Rural electrification comes into focus at Middle East Energy
UNESCO specialist and Africa-focused business alliance leader trade ideas and different perspectives on achieving scale-up and jumpstarting distributed renewable energy markets; seeking ‘exponential rate’ of electrification
Experts from UNESCO and the Alliance for Rural Electrification convened for a ‘fire-side chat’ last week at Middle East Energy 2023. They offered success stories on electrification and mobility and explored practical approaches to bridging electrification gaps in rural areas, leading rigorously towards sustainable development.
“We all know that rural regions translate to poverty, lack of infrastructure and lack of basic and productive services,” said Dr Nazar Hassan, Senior Programme Specialist, Regional Bureau for Sciences for the Arab States, UNESCO.
“With this, there are still some rural electrification requirements, but it is not enough to attract real interest from investors.”
Hassan described UNESCO discussions at COP27 in Egypt last year, which revolved around how to trigger the right level of development and investor interest at large.
Government funding – or not?
According to David LeCoque, CEO, Alliance for Rural Electrification – a business association of more than 200 companies pursuing rural electrification in Africa – the challenge in rural areas is also the opportunity.
“We have an objective to provide clean access to electricity to everyone in the world by 2030," he said. "However, we need to understand what is holding it back”.
"Funding is always an issue, which is why governments should be open for business and have investment-friendly regulations to crowd in the private capital required to electrify rural areas,” he added.
However, Hassan argued that government financing should be taken out of the equation entirely.
“Instead, they should have appropriate bylaws that would streamline the level of risk for the investors to come in and do business in an open market,” he explained.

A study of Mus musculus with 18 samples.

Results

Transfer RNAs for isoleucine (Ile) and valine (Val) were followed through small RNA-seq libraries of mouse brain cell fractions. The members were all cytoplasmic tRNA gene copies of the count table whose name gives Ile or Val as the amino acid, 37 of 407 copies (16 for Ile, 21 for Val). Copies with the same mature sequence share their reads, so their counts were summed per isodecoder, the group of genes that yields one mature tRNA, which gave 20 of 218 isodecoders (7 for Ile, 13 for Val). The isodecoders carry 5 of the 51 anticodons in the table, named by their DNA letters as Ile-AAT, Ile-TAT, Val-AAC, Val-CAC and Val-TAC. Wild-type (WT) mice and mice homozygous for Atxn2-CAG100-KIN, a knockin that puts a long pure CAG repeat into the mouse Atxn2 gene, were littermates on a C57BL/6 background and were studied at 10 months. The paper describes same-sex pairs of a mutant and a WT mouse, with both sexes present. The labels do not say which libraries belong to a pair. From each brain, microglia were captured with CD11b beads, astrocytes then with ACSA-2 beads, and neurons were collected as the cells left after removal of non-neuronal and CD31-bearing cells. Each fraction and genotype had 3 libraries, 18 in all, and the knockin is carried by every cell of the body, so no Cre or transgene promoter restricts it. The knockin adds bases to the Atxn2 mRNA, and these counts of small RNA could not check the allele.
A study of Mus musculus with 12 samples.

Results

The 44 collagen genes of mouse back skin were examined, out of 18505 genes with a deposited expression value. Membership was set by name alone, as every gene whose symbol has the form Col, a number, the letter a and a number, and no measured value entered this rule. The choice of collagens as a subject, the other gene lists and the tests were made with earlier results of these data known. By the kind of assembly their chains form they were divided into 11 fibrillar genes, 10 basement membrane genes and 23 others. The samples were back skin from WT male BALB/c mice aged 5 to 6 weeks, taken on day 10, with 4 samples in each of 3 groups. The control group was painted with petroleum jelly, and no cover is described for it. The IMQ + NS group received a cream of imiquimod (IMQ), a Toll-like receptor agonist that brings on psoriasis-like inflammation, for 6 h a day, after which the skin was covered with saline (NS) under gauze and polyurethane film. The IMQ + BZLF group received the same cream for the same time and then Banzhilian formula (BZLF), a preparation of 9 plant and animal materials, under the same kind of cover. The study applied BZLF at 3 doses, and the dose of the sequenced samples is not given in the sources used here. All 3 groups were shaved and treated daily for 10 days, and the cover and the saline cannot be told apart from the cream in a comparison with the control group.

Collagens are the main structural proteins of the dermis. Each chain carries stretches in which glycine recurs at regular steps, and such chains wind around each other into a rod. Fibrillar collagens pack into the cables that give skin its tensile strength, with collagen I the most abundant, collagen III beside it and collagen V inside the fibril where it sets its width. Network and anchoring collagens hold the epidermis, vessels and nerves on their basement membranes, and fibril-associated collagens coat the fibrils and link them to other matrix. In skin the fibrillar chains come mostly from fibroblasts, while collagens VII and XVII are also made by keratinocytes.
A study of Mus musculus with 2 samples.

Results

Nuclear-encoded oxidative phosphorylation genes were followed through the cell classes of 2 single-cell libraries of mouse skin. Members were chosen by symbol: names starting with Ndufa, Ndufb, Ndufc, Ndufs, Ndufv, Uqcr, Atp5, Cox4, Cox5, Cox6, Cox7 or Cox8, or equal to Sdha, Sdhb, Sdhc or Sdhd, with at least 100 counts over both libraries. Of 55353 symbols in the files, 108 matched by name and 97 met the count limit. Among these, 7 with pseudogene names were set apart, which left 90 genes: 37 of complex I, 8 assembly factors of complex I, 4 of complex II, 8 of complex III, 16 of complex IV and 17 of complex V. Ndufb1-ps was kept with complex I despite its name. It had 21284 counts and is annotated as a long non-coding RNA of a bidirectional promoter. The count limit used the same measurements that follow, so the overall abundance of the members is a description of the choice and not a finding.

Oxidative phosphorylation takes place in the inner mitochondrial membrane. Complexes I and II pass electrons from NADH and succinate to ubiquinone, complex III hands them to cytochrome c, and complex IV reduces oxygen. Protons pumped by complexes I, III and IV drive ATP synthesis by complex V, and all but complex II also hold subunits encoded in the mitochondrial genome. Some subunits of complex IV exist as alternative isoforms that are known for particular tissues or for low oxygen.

“UNESCO is trying to convince governments to establish these bylaws to allow investors to seek out the opportunities.”
Needing productive energy
With the discussion turning to renewable energies, Hassan said that although there are success stories and a lot of investment, renewable energy, at the rural level, is not bringing productive energy.
“Something you could use to power businesses or industry and trigger development in the right direction,” he explained.
Meanwhile, LeCoque said that the Alliance for Rural Electrification has managed to jumpstart the distributed renewable energy market.
“We have built the basis of a market; we now need to scale it up much more to electrify everyone coming into the world today and in the future,” he said.
Seeking an ‘integrated model’of development
Hassan continued the discussion by saying that although what has been done on the ground is excellent, and there are success stories, looking at it from the perspective of ‘not leaving anyone behind’, people still don't have access to electricity.
“A new model needs to be put in place that offers an exponential rate of electrification,” he explained. “We are not enacting the principle of a just and stable society and taking those marginalised people out of poverty.
“You cannot talk about rural electrification without talking about development in its entirety.
“I would like to see the private sector taking the responsibility alongside governments to adopt an integrated model of development that allows rural areas even to enjoy basic services.”
For his part, LeCoque highlighted immobility, a big topic with several countries looking to develop mobility solutions. He said that small companies in East Africa are running solar-powered tuk-tuks, for example, bringing down fuel costs and increasing reliability.
“The technology is there, and there are sound business models, but fundamentally, it is about the market dynamics and the signals that the government is sending out to highlight opportunities.
“Right now, it is still a story about development in all economic sectors in rural areas.”
Their conversation closed out day 3 of Middle East Energy Strategic Conference.
Energy & Utilities also reported from day 3 on a US-based exec sharing perspectives on battery energy storage in distributed generation.